Male cycling campaign ends in greater awareness of women’s issues

By: Garrett Barry
As young, straight males, Alexander Waddling says that he and his team are almost “Inherently ignorant” of women’s issues.

From left, Danny, Jason, Micah, and Alexander end their month-long cycling campaign in St. Johns, N.L. Photo provided by Alexander Waddling.
From left, Danny, Jason, Micah, and Alexander end their month-long cycling campaign in St. Johns, N.L. Photo provided by Alexander Waddling.

(From left) Danny Surjanac, Jason Rego, Micah Markson, and Alexander Waddling ended their month-long cycling campaign in St. Johns, N.L. Photo provided by Alexander Waddling.

By: GARRETT BARRY

As young, straight males, Alexander Waddling says that he and his team are almost “inherently ignorant” of women’s issues.

“Like walking home at night and feeling scared. I can try to put myself in those shoes — I really don’t know what it’s like,” he says.

Despite this, Waddling and three of his friends spent all of June biking from Toronto, Ont. to St. John’s, N.L., to campaign against violence against women.

They call their project Ride for a Dream.

Their 30 day trip across the country, which ended June 30, had them both educating others and learning for themselves.

“A lot of it is just simply listening to the stories, listening to what people have to say about the issue,” Waddling says. “Understanding that there are certain things we can’t understand.”

Waddling and his teammate Danny Surjanac, who rode from Toronto to Vancouver last year, were joined by Jason Rego and Micah Markson for this year’s ride.

This year’s tour raised money for the Barbara Schlifer Clinic, which provides legal and other assistive services to women who have been affected by violence.

The clinic offers translation services in over 90 languages. That’s part of the reason, Waddling says, the riders decided to support that clinic.

About two weeks into the ride, the team had raised about $5,000 for the clinic.

Though frequently questioned about why four men would devote so much effort to women’s issues, the men say they can use their own gender to bring their message into new circles.

“One of the debates has been, for quite some time, [should] men be allowed in feminist spaces,” Waddling explains. “I like to think that the solution is actually taking male-oriented spaces and making them more feminist.”

“We can engage men in a way that women can’t. I’m not saying that we are the solution, but we are a part of the solution,” he continues, his teammates nodding along.

Waddling, who spoke most often for the group, can easily discuss sexism and the systems of power that he sees in the world. But often, to bring their message into new spaces, Waddling and the group simplify it.

One of their efforts this past year has been the creation of a “bearded feminist” campaign — an image macro, or “meme,” that deadpans a feminist message over Surgenac’s smirking face.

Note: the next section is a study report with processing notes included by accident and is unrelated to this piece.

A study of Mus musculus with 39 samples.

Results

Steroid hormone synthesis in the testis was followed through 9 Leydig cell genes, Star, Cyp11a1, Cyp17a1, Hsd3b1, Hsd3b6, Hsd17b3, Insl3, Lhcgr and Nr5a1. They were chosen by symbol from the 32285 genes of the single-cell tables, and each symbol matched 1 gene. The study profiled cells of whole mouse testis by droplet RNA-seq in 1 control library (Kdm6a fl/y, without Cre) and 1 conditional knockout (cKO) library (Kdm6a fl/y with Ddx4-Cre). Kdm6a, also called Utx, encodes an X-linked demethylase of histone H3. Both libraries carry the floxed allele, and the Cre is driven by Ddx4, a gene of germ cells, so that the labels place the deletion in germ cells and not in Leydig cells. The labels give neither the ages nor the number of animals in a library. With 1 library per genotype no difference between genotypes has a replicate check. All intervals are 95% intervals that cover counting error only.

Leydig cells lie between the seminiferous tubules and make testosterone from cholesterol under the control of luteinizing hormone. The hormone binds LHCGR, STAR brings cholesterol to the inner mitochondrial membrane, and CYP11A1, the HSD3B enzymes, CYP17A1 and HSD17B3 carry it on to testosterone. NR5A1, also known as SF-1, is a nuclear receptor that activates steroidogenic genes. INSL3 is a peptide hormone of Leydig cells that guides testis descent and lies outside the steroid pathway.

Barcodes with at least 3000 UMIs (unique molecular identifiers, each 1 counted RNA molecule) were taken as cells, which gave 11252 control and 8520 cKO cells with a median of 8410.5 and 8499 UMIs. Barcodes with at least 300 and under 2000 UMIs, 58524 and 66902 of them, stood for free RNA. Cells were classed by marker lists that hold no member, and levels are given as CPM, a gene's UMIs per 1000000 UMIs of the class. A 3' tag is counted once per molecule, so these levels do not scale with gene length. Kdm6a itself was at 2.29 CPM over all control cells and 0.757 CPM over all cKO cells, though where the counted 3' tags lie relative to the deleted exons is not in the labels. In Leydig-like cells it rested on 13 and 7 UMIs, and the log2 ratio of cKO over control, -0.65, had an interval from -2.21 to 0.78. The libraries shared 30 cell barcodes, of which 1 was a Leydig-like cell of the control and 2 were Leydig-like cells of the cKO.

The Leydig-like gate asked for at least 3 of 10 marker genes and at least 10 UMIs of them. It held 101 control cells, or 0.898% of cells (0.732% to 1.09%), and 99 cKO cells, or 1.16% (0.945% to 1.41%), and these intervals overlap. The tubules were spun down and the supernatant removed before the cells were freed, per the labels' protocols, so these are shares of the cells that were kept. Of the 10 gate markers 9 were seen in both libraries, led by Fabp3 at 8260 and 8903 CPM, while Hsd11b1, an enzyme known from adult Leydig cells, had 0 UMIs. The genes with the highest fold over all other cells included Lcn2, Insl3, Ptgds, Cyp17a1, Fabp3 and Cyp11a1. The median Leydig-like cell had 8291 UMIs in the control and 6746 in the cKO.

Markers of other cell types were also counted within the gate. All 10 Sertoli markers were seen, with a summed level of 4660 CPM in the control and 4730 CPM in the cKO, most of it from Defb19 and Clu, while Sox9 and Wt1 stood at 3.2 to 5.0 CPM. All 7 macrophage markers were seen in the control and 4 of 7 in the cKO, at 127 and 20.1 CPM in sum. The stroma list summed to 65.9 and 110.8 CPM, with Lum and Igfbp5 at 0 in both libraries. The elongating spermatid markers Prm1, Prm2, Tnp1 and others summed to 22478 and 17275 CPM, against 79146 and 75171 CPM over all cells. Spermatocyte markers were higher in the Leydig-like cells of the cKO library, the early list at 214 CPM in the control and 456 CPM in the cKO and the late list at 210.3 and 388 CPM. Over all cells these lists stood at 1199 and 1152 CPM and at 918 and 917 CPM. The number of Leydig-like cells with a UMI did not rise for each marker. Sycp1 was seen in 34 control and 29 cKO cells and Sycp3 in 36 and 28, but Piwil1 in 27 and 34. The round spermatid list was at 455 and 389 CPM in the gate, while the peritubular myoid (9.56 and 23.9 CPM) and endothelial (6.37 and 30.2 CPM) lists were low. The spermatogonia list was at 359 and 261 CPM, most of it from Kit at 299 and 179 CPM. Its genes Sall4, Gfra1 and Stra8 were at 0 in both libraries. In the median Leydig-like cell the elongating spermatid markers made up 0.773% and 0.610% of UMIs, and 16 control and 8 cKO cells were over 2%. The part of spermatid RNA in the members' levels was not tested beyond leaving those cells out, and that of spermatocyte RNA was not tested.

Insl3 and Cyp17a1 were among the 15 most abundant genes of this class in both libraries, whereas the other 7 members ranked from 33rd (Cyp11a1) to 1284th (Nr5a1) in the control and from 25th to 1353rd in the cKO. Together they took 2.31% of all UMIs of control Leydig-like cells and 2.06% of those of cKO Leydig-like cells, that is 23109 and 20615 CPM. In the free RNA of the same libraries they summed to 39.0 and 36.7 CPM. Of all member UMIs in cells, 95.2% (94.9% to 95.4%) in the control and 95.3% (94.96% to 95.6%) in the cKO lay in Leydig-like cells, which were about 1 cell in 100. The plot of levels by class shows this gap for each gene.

“We can’t necessarily come out, in a public way, and just harp on people,” Waddling says. “Guilt and shame is not the way to address this issue.”

“If you can kind of subvert [the] defensive mechanism with a little bit of, maybe satire…it’s a really good way of challenging people’s thoughts.”

Their tactic is to get people talking and thinking about their own actions, in hopes that they might see change.

But the group agrees most of their work is hard to measure — how can they tell how many minds they’ve changed, impressions they’ve left, or how many ideas they’ve implanted?

“As long as you’re progressing, then you’re doing something right,” Surjanac says.

“I’m really happy with how it’s turned out,” he adds. “It’s no longer just two guys just doing this thing.”

This year, the team has two more riders, a documentary in the making, and high profile interviews with George Stroumboulopoulos and Olivia Chow.

“It’s snowballed in a really big way,” Waddling says, comparing this year’s ride to the last.

Although, some of Waddling’s favourite moments aren’t the big ticket events. They’re the individual conversations that he and his team have had along the way.

One moment that stands out is a confession by a university professor that she had been assaulted several times.

“To hear that from somewhere like that, I didn’t know quite how to take that,” Waddling says. “But afterwards I [thought] ‘I’m giving her some kind of hope.’

“That to me means more than an interview with George Stroumboulopoulos.”

The group has plenty of stories about moments like these; waiters insisting to give a donation to the men themselves, strangers who suddenly confided their very personal stories.

“For [a woman] to say thank you and give me a hug afterwards makes me actually feel like all the shit I’m saying is actually kinda coming through,” Surjanac adds. “That’s huge.”

And there’s still lots of riding to be done. Waddling has already been dreaming about potential plans for next year’s ride.

As for how the campaign will eventually end?

“We can’t know until we get there,” Waddling says.